EFSA’s FEEDAP Panel has just published an opinion on the safety of ractopamine, a growth promoter used in animal feed in some countries outside the EU.
Ractopamine is a drug belonging to the ‘β-agonist’ category which is banned from use in food producing animals in the EU by EC Directive 96/22/EC, with some exceptions for therapeutic purposes. In certain countries outside the EU its regular use is allowed in feed for pigs and cattle, to accelerate weight gain, improve feed efficiency and increase the leanness of carcasses. The EU ban on the substance applies to meat produced in the EU and imported from third countries.
The international body charged with recommending maximum residues of veterinary drugs in foods – the Committee for Residues of Veterinary Drugs in Foods of the Codex Alimentarius Commission – has proposed maximum residue levels based on a risk assessment carried out by the Joint FAO/WHO Expert Committee on Food Additives (JECFA). The European Commission, which represents the Community in international organisations, asked EFSA to review the JECFA risk assessment and other scientific information regarding the safety of ractopamine. The Panel also considered other relevant issues, particularly safety for the target species and product quality.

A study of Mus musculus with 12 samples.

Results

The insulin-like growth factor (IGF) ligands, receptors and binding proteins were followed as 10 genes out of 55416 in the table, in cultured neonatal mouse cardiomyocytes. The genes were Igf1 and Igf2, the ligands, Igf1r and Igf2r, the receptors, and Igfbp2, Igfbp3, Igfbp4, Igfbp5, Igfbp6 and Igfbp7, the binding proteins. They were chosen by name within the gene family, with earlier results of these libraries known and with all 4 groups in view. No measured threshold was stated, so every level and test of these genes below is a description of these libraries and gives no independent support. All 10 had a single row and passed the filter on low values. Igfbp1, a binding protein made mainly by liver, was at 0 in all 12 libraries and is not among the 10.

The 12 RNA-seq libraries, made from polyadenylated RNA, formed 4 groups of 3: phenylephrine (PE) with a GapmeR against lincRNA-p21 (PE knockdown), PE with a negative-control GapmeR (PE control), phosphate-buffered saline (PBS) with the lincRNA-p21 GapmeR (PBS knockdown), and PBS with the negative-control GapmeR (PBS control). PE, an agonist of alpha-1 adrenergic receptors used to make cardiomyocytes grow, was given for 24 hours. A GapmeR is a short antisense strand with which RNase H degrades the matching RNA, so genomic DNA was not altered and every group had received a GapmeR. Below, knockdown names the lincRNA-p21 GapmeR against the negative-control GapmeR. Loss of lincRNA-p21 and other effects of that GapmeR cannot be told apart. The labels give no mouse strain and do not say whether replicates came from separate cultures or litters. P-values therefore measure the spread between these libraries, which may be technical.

EFSA’s FEEDAP Panel found weaknesses in the data underlying the JECFA assessment which would undermine any proposal for a maximum residue level for ractopamine. The Panel found that the study on cardiovascular effects in humans cannot be taken as a basis to derive an Acceptable Daily Intake (ADI) of 0-1 micrograms per kilogramme of body weight per day as proposed by JECFA. EFSA consulted the Community Reference Laboratory responsible for beta-agonists and the European Medicines Agency (EMEA) and included the results of this process in its final opinion. Notably, the Committee for Medicinal Products for Veterinary Use of the EMEA fully supported the safety evaluation of ractopamine made by the FEEDAP Panel.